Q: As far as I can tell, in spite of the countless millions or billions spent on OOP education, languages, and tools, OOP has not improved developer productivity or software reliability, nor has it reduced development costs. … In general, though much lip service is given to talk of "re-use" the reality is that unless a piece of code does exactly what you want it to do, there's very little cost-effective "re-use." … The real world isn't "OO," and the idea implicit in OO—that we can model things with some class taxonomy—seems to me very fundamentally flawed. … So what am I missing here?

What are the benefits and drawbacks of OOP?

There's a rigid structure inherent in OO development that demands consistency, attention to detail, and a specific separation of concerns. However, by the time the GoF book came out, software engineering was no longer the domain of dedicated and experienced software engineers. Today, all coders are expected to have a grasp on engineering even though, in my experience and that of my students, there is no education beyond basic syntax and module assembly paradigms. In other words, very few are actually teaching proper engineering. The result is exactly what you describe.

But you also challenge the very nature of OO programming, and it deserves to be challenged. The entire family of C-based languages and their offshoots completely rely on this noun-based thinking, which, as you pointed out, needs to be built properly in order to truly be reusable. Verb-based functional programming is seeing a resurgence lately and attempts to correct these issues. However, functional programming also seems to be more challenging to learn, even if it is theoretically more intuitive than OO.

So, what's the fundamental problem? Is OO itself flawed? Is functional programming too much of a mind bender? I venture to say that once one has absorbed and processed enough syntax, computer science, and engineering, software development becomes more of an art than a science. That's the real reason there's so much generalization and variation in coding best practices, and why preference of one paradigm over another is personal and highly subjective. Challenge ten professional engineers to build the same application and you'll get ten working applications, each done very differently from the others. Why? Because at that level coders are more like artists with their own idioms, preferences, and styles.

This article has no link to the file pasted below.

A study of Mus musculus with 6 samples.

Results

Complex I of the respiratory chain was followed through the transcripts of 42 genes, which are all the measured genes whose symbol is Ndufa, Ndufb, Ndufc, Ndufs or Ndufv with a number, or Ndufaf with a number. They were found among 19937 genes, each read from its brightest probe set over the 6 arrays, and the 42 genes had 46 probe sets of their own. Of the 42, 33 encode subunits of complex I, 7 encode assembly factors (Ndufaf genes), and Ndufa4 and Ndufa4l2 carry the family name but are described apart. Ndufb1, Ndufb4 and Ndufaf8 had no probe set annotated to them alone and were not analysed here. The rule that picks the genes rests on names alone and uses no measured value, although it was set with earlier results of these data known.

When you ask why all the time and money has failed to make software any better, perhaps consider yourself a critic of some artistic era and know that new eras, as with art, will come and go. Innovators and first adopters will seem prescient, but years later they'll experience the same demand for something new and better. Be assured, though, that plenty of computer scientists are constantly pushing the boundaries, trying to create a better programming language. Maybe you're one of them?

And here's a thought: people are currently writing machine-learning algorithms so that computers can write their own code. This entire conversation of ours may be obsolete at some point in the near future. I'd truly miss the art, if you ask me.